A-Type Lamins Associated with Aggressive Colorectal Cancer
Proteins called A-type lamins appear to indicate the presence of aggressive disease in patients with colorectal cancer. A-type lamins may also play a role in determining treatment options among these patients. These results were recently published in the journal PLoS ONE.
Colorectal cancer is the second leading cause of cancer-related deaths in the United States. Although standard therapy often involves chemotherapy, particularly among more advanced-stage colorectal cancers, anticancer responses and corresponding survival rates vary widely among patients with this disease. As such, researchers continue to evaluate certain markers that indicate disease characteristics in order to individualize therapeutic approaches.
Researchers from Europe recently conducted a clinical study to evaluate data from tissue collected from patients with colorectal cancer. Specifically, researchers evaluated the presence of A-type lamins in tissue and associated outcomes among patients.
- Patients who have A-type lamin-expressing cancers have a significantly worse outcome compared with patients whose cancer does not express A-type lamin.
- A-type lamin was implicated in promoting the movement of cancer cells in the body, as well as their ability to invade areas such as organs.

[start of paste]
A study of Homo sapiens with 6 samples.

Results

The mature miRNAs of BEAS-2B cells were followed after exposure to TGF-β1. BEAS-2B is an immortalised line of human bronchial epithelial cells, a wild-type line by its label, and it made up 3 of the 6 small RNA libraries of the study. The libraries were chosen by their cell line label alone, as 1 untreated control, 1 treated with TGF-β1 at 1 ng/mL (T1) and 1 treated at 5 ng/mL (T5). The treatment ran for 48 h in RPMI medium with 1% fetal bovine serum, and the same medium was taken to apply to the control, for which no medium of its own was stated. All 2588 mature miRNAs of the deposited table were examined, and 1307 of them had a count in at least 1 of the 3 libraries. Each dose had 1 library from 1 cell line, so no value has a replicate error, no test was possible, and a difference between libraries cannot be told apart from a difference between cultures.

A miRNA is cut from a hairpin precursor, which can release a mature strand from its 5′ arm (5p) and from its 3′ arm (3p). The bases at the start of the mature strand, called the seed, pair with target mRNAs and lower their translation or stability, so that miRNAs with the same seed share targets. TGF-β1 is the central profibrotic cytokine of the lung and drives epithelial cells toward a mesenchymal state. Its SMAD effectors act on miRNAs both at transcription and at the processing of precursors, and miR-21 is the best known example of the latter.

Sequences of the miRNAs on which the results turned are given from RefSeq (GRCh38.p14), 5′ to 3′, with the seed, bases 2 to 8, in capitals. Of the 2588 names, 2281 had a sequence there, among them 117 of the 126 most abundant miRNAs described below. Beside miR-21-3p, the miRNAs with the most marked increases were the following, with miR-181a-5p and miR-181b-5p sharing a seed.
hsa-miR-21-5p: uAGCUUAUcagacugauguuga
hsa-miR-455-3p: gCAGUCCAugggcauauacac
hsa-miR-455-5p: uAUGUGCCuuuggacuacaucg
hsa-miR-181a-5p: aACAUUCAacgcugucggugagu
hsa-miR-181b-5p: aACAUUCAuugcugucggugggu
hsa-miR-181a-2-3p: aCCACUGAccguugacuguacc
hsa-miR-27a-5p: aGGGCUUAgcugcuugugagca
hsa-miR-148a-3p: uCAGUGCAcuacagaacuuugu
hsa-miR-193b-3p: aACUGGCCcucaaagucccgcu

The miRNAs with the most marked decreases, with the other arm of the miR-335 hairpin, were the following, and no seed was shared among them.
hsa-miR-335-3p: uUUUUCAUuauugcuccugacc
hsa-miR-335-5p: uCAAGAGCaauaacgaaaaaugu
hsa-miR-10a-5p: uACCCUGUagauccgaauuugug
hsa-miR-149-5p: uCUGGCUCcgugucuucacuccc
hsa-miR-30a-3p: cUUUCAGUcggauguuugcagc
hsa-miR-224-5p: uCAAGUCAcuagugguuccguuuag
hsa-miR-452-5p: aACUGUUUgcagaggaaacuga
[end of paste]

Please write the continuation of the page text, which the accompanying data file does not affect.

The researchers concluded: “Expression of A-type lamins increases the risk of death from [colorectal cancer].” If confirmed, A-type lamins may play a role in understanding the prognosis of a patient with colorectal cancer and in determining subsequent treatment options.
Lamin A/C Is a Risk Biomarker in Colorectal Cancer
Background A-type lamins are type V intermediate filament proteins encoded by the gene LMNA. Mutations in LMNA give rise to diverse degenerative diseases related to premature ageing. A-type lamins also influence the activity of the Retinoblastoma protein (pRb) and oncogenes such a β-catenin. Consequently, it has been speculated that expression of A-type lamins may also influence tumour progression. Methodology/Principal Findings An archive of colorectal cancer (CRC) and normal colon tissue was screened for expression of A-type lamins. We used the Cox proportional hazard ratio (HR) method to investigate patient survival. Using CRC cell lines we investigated the effects of lamin A expression on other genes by RT-PCR; on cell growth by FACS analysis; and on invasiveness by cell migration assays and siRNA knockdown of targeted genes. We found that lamin A is expressed in colonic stem cells and that patients with A-type lamin-expressing tumours have significantly worse prognosis than patients with A-type lamin negative tumours (HR = 1.85, p = 0.005). To understand this finding, we established a model system based upon expression of GFP-lamin A in CRC cells. We found that expression of GFP-lamin A in these cells did not affect cell proliferation but did promote greatly increased cell motility and invasiveness. The reason for this increased invasiveness was that expression of lamin A promoted up-regulation of the actin bundling protein T-plastin, leading to down regulation of the cell adhesion molecule E-cadherin. Conclusions Expression of A-type lamins increases the risk of death from CRC because its presence gives rise to increased invasiveness and potentially a more stem cell-like phenotype. This report directly links A-type lamin expression to tumour progression and raises the profile of LMNA from one implicated in multiple but rare genetic conditions to a gene involved in one of the commonest diseases in the Western World.